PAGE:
Pet Goats: What you Need

Goats are amazing animals, useful, intelligent, and funny. It’s no wonder more and more people are opting to get goats as pets.

But it’s important to remember that while they’re wonderful little creatures, there is more to them than meets the eye. Owning a goat is a little more challenging than owning a dog or cat, as they have special requirements that you need to be aware of.

Check Local Laws

Before getting a goat, you absolutely need to check whether they’re legally allowed as pets where you live. Obviously, if it’s against the law to own one where you live then that’s your dream of becoming a goat-keeper over. Unless you move of course!

What Size Should You Get?

When it comes to goats, there are two sizes – mini and standard. Standard breeds tend to weigh between 100 – 200lbs, whereas mini goats generally weigh under 100lbs. What size goat you get depends on where you live and what kind of land you have. Some people prefer to choose mini goats because they only have a small amount of land to keep them on. Work out how much space you have, and choose your goat size from there!

How Much Space Do You Have?

With that being said, goats, even mini ones, need a lot of space to roam around and explore. A mini goat requires a minimum amount of 135sq feet, and a standard goat needs at least twice that! If you don’t have the space, it’s unfair to try and keep a goat there. They won’t have room to play and they won’t be happy!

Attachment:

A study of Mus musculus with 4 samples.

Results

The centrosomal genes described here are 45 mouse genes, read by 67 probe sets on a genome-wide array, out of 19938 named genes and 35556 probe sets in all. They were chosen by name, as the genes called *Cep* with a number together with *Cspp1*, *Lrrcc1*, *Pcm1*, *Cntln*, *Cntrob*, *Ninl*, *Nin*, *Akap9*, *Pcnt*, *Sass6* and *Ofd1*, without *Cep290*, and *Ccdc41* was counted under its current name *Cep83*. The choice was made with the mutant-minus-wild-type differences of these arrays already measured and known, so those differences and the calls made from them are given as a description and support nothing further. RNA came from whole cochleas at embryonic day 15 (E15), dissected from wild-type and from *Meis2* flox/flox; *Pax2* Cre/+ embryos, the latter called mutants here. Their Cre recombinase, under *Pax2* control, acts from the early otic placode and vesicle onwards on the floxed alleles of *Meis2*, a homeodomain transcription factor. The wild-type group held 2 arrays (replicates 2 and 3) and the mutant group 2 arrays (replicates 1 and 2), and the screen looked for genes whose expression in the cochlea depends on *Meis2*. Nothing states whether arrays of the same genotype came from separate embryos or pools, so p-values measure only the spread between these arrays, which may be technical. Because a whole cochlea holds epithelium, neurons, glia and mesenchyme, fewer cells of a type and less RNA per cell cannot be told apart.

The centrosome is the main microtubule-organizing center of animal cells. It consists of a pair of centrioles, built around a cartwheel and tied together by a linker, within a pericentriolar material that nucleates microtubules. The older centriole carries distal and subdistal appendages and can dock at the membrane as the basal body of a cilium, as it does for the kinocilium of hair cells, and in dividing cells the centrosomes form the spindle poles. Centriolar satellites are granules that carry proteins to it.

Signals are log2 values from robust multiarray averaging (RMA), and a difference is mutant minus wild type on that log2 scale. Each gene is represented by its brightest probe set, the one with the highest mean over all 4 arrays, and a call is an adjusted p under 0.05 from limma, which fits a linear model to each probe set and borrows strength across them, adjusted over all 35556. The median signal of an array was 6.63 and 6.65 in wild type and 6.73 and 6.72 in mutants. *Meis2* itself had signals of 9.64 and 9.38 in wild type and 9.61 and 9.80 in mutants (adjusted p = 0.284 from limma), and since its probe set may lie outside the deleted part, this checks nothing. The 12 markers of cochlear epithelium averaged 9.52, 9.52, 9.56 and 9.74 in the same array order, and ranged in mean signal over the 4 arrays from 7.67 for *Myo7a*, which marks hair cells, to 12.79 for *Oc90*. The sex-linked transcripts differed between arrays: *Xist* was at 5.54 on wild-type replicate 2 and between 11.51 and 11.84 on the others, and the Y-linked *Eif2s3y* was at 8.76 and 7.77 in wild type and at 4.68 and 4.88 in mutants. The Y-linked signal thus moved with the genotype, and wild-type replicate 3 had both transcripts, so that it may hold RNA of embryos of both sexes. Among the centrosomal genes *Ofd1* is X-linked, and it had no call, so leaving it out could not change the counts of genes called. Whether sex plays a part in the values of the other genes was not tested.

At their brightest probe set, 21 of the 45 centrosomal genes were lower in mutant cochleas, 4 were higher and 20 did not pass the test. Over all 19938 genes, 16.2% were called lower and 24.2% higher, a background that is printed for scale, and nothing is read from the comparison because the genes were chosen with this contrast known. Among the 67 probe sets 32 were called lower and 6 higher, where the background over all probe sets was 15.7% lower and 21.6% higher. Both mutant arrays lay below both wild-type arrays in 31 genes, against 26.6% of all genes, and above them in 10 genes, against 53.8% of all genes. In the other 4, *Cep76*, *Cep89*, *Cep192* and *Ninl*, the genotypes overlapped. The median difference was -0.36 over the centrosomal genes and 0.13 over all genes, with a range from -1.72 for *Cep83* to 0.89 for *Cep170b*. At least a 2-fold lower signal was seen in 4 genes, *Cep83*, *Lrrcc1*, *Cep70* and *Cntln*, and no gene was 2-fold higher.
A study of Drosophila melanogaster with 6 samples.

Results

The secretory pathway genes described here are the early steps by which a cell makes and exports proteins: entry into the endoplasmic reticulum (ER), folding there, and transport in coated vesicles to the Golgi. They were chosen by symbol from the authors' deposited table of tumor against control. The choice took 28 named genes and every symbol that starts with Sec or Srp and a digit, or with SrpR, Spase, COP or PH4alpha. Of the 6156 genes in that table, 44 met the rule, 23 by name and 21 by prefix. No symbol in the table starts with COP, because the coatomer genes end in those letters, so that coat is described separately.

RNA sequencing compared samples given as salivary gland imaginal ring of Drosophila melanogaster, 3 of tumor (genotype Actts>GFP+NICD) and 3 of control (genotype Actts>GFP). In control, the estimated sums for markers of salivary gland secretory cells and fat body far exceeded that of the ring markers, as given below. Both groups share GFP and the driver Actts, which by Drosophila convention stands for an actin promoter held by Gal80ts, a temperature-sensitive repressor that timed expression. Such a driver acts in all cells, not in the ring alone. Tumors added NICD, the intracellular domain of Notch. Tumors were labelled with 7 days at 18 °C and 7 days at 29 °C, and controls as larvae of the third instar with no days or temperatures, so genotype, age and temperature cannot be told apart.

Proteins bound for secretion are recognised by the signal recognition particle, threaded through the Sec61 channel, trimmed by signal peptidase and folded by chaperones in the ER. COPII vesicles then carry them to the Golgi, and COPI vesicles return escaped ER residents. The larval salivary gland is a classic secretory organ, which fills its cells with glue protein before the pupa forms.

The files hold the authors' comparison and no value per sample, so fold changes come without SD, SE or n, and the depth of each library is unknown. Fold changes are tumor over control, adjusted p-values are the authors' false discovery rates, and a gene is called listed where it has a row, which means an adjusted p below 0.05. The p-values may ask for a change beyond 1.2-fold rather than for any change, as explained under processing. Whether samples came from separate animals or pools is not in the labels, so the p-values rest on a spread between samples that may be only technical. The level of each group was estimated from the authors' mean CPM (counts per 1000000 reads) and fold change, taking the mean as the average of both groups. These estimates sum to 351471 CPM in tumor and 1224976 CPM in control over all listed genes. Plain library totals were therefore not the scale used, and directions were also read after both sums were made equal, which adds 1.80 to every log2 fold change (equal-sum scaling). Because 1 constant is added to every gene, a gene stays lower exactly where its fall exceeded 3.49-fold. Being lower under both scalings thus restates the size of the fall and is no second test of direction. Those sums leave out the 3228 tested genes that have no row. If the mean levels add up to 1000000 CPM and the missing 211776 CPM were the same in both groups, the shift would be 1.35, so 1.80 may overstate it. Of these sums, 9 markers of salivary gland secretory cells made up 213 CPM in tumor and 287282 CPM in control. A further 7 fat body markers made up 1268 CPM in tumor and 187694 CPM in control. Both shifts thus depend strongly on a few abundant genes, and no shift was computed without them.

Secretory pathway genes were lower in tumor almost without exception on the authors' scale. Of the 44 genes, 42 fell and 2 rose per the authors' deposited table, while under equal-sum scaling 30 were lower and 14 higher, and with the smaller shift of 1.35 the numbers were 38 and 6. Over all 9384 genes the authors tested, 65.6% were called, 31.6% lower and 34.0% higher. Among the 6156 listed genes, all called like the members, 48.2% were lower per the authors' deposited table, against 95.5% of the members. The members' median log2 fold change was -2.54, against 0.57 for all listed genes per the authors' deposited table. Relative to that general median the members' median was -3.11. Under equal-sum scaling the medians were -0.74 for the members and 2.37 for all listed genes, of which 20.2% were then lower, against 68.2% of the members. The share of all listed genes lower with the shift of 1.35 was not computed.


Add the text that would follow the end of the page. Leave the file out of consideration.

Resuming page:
Fencing is Crucial

As we mentioned, goats are highly intelligent animals, which also means that they make great little escape artists. Especially if they spy something tasty just over the other side of the fence. Making sure you have strong, sturdy fencing will make it harder for your Houdini’s to escape, and they won’t knock it over when they rub themselves against it while shedding!

Get Them to a Vet

Just like dogs, cats, and other animals, goats need regular check ups too! The average lifespan of a goat is 15-18 years, and they’ll need to be regularly vaccinated, de-wormed, and have their hooves trimmed roughly once every 6 weeks. Goats are also born with horns, which should be removed by an experienced vet when the goat is only a few days old. This stops them hurting themselves, other animals, and you! Having a reliable and trustworthy vet is a must for keeping goats.

How Many Goats Will You Have?

While you may be thinking that one goat is more than enough to keep you on your toes, a goat on its own is a lonely goat. And a lonely goat is an unhappy goat. It doesn’t matter how much time you spend with it, goats are social creatures and love to be with their own kind. So, the more goats the merrier! But bear this in mind when allocating space for them, working out bills, and checking local laws.